It is ironic that Silliman University (SU), which is known for its intellectual and environmental leadership, still does not practice proper solid waste segregation.
As the Zero Waste Month is coming to an end, Dumaguete City is still haunted by its intensifying garbage problem. Waste of all sorts are now overflowing in the gigantic open dumpsite in Candau-ay, causing floods and poisoning the air and bodies of water.
It is disappointing that despite this reality, SU continues to keep its eyes closed while throwing waste that has never undergone segregation. Every month, the university is throwing an average of 200 cubic meters of its waste in the dumpsite.
Aside from bottles and tin cans, the unsegregated waste coming from trash bins may contain other materials that can be used or recovered in Materials Recovery Facility (MRF) of SU. Since waste collected from residential, commercial, education, and medical areas in Silliman is not monitored before they are sent to dumpsite, there is a high possibility that waste such as glass, metals, food leftovers, and even hazardous waste are included.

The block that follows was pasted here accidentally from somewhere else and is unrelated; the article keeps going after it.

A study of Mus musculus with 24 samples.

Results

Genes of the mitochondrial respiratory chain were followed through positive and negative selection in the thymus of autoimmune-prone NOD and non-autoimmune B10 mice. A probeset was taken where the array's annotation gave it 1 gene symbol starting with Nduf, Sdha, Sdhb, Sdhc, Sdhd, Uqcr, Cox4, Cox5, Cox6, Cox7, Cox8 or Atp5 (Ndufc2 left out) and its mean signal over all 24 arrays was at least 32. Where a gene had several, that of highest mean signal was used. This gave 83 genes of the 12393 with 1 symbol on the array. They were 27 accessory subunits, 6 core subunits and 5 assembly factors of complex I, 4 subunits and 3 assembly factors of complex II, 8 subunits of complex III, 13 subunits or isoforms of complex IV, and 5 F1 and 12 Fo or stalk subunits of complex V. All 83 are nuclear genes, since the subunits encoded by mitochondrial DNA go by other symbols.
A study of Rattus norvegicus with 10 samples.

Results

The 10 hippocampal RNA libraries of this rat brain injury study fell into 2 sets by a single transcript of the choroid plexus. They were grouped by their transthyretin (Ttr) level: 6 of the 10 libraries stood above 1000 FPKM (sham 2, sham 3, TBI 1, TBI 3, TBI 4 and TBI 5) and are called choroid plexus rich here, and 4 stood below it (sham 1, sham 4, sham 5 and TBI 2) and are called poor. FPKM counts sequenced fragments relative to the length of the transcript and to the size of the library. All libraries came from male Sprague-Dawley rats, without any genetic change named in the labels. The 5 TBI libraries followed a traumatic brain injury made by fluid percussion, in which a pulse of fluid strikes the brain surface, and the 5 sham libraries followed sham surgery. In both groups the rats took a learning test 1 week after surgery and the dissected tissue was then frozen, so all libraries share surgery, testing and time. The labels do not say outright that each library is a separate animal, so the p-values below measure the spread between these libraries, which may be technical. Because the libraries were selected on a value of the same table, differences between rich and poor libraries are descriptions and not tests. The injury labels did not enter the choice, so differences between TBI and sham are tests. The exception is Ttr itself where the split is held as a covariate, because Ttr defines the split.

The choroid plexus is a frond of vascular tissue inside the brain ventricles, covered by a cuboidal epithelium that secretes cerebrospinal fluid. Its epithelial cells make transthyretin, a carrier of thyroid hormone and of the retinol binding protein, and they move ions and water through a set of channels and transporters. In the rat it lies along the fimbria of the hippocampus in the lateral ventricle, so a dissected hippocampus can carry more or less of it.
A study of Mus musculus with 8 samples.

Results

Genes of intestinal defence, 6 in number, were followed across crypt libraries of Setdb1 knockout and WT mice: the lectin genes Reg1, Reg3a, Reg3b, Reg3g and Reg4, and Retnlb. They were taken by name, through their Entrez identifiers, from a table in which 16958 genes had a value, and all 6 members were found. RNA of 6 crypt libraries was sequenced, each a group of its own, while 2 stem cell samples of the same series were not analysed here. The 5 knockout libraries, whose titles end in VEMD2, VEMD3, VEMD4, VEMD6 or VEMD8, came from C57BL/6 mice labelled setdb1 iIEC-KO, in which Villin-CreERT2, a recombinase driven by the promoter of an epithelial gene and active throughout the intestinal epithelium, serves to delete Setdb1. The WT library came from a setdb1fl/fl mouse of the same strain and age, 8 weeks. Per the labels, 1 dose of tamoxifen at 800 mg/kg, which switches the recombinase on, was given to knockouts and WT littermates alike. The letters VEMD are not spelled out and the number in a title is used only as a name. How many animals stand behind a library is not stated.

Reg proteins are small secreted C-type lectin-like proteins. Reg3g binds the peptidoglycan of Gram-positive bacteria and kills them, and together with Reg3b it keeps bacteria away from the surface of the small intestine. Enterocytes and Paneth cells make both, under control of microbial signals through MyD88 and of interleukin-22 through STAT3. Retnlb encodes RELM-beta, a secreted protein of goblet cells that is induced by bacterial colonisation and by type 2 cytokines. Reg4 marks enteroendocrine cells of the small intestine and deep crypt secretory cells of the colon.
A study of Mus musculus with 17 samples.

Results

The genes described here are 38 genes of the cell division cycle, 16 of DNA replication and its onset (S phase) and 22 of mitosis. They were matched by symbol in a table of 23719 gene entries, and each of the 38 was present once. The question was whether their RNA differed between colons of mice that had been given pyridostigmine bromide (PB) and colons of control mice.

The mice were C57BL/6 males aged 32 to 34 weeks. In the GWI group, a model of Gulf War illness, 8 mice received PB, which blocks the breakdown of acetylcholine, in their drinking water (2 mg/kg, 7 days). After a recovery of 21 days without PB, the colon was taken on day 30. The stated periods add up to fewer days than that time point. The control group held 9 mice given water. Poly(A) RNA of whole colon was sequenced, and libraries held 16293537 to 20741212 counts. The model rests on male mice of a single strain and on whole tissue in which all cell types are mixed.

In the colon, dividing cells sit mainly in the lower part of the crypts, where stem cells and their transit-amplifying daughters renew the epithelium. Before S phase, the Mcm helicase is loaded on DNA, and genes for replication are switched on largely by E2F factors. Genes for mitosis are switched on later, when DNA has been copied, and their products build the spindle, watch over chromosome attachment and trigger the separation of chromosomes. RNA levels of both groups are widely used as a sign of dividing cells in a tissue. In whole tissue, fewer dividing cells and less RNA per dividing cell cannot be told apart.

If this is the reality, then the cleanliness inside the university is a lie. If we do not see overflowing trashcans dumped inside the university, it is only because we dump most of our garbage in a place we cannot see–the city’s open dumpsite.
In a study conducted by Global Alliance for Incinerator Alternatives, it was found that only seven percent of what people throw away are actually waste, the rest can still be recovered. Imagine if only seven percent of SU’s unsegregated waste are turned over to the dumpsite and the rest are recovered in the MRF.
However, this doesn’t mean that establishments in the university who are still distributing plastics should not be liable for SU’s residual waste. Plastic regulation must also be imposed upon them.
All of this is only possible if the university shows a strong commitment to pushing for a Zero Waste University. This is easier said than done, but it can be started with small steps such as massive campaign for proper waste  egregation.
Engr. Edgar Ygnala has challenged SUSG Environmental Committee to educate the students and monitor the waste segregation. As much as SUSG plays a vital role in leading students in environmental protection, the Administration needs to realize that this is a shared problem, not just of the students, but also faculty, staff, pastors, dorm managers, the admin themselves and everyone in the university who throws waste.
After all, SU’s vision is to be “A leading Christian institution committed to total human development for the well-being of society and environment.” Blessed with intellect and resources, aren’t we all commanded by the Almighty to be good stewards of Earth?